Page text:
A recent study on AD has revealed that people who go on to have Alzheimer's disease (AD), lose several of their cognitive abilities much before they actually succumb to dementia caused by the neurodegenerative disorder.
Researchers at the University of Kansas, Lawrence, have said that in such people, declines of thinking and learning skills, including visuospatial skills needed to perceive relationships between objects, may decline years prior to a clinical diagnosis of AD.
Advertisement"Recent studies have focused on identifying the beginning of the transition from healthy aging to dementia. As new interventions become available, it will become important to identify the disease as early as possible," wrote the authors of the study.
Loss of episodic memory-remembering events in one's life that can be explicitly stated-is commonly linked to Alzheimer's disease, but it is not the only aspect of cognition (thinking, learning and memory) that is affected.
Researchers led by Dr. David K. Johnson assessed 444 individuals who did not have dementia when they were enrolled in the study, between 1979 and 2006.
After enrolment, each participant underwent a clinical evaluation and a psychometric assessment including tests of four cognitive factors-global cognition, verbal memory, visuospatial skill and working memory.
Participants were then evaluated at least one additional time before November 2007.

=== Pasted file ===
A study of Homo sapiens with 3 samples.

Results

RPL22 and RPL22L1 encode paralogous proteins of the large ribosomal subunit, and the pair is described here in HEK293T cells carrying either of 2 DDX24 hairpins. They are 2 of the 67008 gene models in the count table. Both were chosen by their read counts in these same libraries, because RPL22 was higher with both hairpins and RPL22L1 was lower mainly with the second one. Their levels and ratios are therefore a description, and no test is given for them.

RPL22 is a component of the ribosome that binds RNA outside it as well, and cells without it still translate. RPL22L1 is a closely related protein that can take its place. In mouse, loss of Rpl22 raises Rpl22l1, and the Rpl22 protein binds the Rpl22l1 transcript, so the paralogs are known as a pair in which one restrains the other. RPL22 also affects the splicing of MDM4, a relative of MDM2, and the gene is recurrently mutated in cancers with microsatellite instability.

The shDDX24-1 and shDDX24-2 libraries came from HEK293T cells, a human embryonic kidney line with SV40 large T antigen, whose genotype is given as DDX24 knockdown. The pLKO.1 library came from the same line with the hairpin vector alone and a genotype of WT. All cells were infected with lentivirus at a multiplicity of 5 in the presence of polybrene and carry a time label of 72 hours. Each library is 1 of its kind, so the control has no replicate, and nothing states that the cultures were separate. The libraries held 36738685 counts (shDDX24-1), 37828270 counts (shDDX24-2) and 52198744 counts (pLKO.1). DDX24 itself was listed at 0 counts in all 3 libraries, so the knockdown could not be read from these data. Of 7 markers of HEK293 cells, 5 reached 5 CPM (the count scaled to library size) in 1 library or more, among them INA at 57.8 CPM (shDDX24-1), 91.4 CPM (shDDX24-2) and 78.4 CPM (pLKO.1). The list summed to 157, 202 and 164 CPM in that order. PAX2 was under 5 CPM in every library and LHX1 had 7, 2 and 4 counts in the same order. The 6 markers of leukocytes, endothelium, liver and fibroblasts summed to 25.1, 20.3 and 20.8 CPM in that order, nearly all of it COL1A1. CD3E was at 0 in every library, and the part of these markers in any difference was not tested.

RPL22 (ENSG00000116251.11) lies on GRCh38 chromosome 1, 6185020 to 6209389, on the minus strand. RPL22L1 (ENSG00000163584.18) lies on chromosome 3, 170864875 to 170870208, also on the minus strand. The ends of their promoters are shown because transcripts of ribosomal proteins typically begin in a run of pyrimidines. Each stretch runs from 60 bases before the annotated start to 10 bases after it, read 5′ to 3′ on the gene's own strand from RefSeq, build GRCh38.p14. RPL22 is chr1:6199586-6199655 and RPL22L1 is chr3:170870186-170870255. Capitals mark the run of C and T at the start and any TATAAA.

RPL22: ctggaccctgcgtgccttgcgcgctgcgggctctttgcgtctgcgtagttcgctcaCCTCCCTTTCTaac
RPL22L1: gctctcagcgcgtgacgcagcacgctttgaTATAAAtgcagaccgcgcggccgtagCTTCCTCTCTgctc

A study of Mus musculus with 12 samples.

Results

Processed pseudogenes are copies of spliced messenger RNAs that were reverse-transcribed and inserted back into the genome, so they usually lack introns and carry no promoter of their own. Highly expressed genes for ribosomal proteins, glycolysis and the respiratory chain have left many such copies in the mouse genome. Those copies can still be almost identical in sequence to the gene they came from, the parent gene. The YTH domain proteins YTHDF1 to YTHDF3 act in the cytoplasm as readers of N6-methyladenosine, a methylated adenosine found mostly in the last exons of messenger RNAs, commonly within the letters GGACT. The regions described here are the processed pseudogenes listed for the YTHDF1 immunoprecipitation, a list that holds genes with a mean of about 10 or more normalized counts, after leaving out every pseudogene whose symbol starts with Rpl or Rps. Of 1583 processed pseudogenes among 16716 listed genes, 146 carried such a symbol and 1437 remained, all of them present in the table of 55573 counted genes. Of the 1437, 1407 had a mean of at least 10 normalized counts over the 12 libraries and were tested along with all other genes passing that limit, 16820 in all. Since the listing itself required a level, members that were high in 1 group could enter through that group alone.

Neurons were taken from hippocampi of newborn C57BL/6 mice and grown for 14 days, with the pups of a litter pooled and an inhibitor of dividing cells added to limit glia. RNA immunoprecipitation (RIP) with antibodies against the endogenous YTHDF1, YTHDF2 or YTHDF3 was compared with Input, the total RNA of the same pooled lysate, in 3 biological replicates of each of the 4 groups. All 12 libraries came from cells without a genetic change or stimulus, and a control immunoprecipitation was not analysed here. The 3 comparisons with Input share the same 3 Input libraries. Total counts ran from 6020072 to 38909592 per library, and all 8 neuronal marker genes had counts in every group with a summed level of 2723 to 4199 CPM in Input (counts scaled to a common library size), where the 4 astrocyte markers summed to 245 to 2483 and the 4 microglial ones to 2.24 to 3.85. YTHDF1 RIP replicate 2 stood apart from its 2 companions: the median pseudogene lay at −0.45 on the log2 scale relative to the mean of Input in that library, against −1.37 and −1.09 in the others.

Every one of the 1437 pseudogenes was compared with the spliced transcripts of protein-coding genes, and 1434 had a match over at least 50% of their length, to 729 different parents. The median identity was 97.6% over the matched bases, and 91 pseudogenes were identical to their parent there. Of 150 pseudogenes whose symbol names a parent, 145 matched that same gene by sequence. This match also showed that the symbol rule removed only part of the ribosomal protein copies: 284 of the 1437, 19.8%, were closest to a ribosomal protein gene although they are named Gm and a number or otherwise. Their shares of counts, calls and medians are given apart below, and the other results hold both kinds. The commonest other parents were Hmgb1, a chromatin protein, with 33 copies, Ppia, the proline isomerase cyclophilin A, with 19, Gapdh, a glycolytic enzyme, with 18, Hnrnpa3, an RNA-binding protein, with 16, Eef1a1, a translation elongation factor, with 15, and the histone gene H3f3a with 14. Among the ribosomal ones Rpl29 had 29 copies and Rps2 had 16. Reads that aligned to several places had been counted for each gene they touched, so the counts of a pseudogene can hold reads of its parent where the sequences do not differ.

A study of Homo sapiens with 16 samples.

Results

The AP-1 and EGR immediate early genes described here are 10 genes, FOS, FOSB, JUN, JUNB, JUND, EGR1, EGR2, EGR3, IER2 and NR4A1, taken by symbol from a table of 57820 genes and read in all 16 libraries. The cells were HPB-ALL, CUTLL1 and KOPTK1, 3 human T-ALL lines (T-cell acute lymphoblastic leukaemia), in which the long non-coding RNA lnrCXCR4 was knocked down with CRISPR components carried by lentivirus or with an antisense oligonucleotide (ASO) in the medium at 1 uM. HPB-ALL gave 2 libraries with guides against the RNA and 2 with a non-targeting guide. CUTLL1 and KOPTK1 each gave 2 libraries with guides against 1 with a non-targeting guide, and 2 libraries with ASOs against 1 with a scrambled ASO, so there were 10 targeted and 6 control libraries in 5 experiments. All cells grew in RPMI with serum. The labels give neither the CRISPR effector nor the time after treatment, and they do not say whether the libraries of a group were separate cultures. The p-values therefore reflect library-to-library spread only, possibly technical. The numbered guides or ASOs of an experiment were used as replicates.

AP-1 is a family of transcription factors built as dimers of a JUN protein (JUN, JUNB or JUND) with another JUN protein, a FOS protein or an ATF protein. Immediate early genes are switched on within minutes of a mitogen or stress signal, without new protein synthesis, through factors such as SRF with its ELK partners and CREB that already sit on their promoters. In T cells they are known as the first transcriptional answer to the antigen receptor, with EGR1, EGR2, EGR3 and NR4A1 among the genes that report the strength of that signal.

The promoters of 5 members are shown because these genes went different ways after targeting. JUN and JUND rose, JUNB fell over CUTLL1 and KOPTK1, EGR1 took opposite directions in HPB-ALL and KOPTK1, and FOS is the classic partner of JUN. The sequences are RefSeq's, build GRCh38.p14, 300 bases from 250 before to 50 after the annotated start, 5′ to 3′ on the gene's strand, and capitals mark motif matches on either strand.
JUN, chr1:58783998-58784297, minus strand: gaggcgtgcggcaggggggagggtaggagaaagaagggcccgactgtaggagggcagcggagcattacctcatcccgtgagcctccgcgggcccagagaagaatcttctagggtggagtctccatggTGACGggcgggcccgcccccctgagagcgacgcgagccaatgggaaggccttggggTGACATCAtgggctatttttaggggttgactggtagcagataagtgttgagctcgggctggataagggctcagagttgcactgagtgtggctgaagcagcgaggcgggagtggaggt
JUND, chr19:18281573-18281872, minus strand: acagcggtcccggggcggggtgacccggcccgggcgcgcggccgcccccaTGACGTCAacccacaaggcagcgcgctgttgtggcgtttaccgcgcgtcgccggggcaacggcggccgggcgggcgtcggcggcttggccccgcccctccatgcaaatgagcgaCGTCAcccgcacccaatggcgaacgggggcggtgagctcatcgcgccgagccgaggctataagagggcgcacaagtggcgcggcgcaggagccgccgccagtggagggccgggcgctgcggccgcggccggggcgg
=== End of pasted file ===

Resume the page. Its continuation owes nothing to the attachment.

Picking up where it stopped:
Over an average follow-up of 5.9 years, 134 individuals developed dementia and 310 did not; 44 with dementia died and underwent brain autopsies that confirmed a diagnosis of Alzheimer's disease.
Using data from the psychometric assessments, the researchers constructed models to evaluate the decline in various cognitive areas before individuals were diagnosed with dementia.
"A novel finding was that visuospatial abilities demonstrated an inflection point [sudden change to a steeper slope of decline] three years before clinical diagnosis," wrote the authors.
Declines in overall cognitive abilities followed in the next year, whereas inflection points for verbal and working memory were not seen until one year before clinical diagnosis. Similar results occurred in only the subgroup of individuals with Alzheimer's disease diagnosis confirmed by autopsy.
The study has been published in the latest issue of Archives of Neurology, one of the JAMA/Archives journals.